Market Research in Magnificent Milan
Jul 26, 2019
Multifamily designers at HPA Design Group are savvy market forecasters. “When we present to a multifamily client in real time, we know it’s not going to be installed and built for 18 to 24 months. So that forecasting piece is very important for us to hit the nail on the head for our clients,” notes Chelsea Dora-Shibley, Vice President of Interior Design, HPA Design Group.
No one has a crystal ball, but the massive Milan Furniture Fair—aka Salone del Mobile—is widely recognized as a must by international forecasters. Dora-Shibley was on the scene in Italy in April to capture all the trends emerging during Milan Design Week.
She spent her first day exploring the Brera Design District where courtyards, palaces and fabulous apartments of select Milan residents were transformed into exhibits.
“It was just phenomenal how the apartments were modeled—so vibrant compared to the neutral palettes we see stateside,” she says. The main colors that were utilized in Brera as well as throughout Salone were yellow, mint and orange. Installations featured very heavily saturated colors. “There were monochromatic rooms as well with all walls, upholstery and furniture in the same color scheme or tone. That gives us motivation and inspiration to push it up a notch over here especially knowing that we typically follow European design trends.”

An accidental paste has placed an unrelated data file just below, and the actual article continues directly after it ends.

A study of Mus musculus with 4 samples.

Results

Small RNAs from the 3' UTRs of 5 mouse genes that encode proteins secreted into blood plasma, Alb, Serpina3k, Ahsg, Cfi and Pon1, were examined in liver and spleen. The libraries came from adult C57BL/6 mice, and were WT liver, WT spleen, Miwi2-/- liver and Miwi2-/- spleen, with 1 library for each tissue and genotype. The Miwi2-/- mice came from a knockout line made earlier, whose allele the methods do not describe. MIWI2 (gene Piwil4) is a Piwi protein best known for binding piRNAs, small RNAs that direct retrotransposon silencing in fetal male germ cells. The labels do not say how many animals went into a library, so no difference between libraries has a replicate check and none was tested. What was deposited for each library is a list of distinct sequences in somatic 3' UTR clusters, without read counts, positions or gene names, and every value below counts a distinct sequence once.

The next two days Dora-Shibley headed to the trade show which is comprised of eight pavilions. She logged a staggering 22 miles on her Apple watch while observing a number of trends consistently at multiple venues. She reports that channeling tufting was out in full force on furniture upholstery and on wall panels. Many exhibitors featured upholstery wrapped case goods—and others incorporated caning into light fixtures, furniture and accessories. Terrazzo was also big. It’s being incorporated into tabletops and used as an inspiration in a variety of applications where intricate designs have an essence of terrazzo.
Everywhere she went she encountered palm trees on light fixtures, wall coverings and pillows. Bird patterns and bird accessories were frequently on display as well. At the two venues within the Fair dedicated to lighting, many exhibitors displayed variations of the LED circle/ring lighting as well as a unique arched form. And those who are passionate about velvet will be happy to know that this trend shows no signs of slowing down. “Velvet was basically the only fabric that was used everywhere,” observes Dora-Shibley. “It was beautiful.”
Attending international shows such as Salone provides important clues about what’s next and which trends will endure. Dora-Shibley says, “It validates our design intent—and helps our clients succeed.”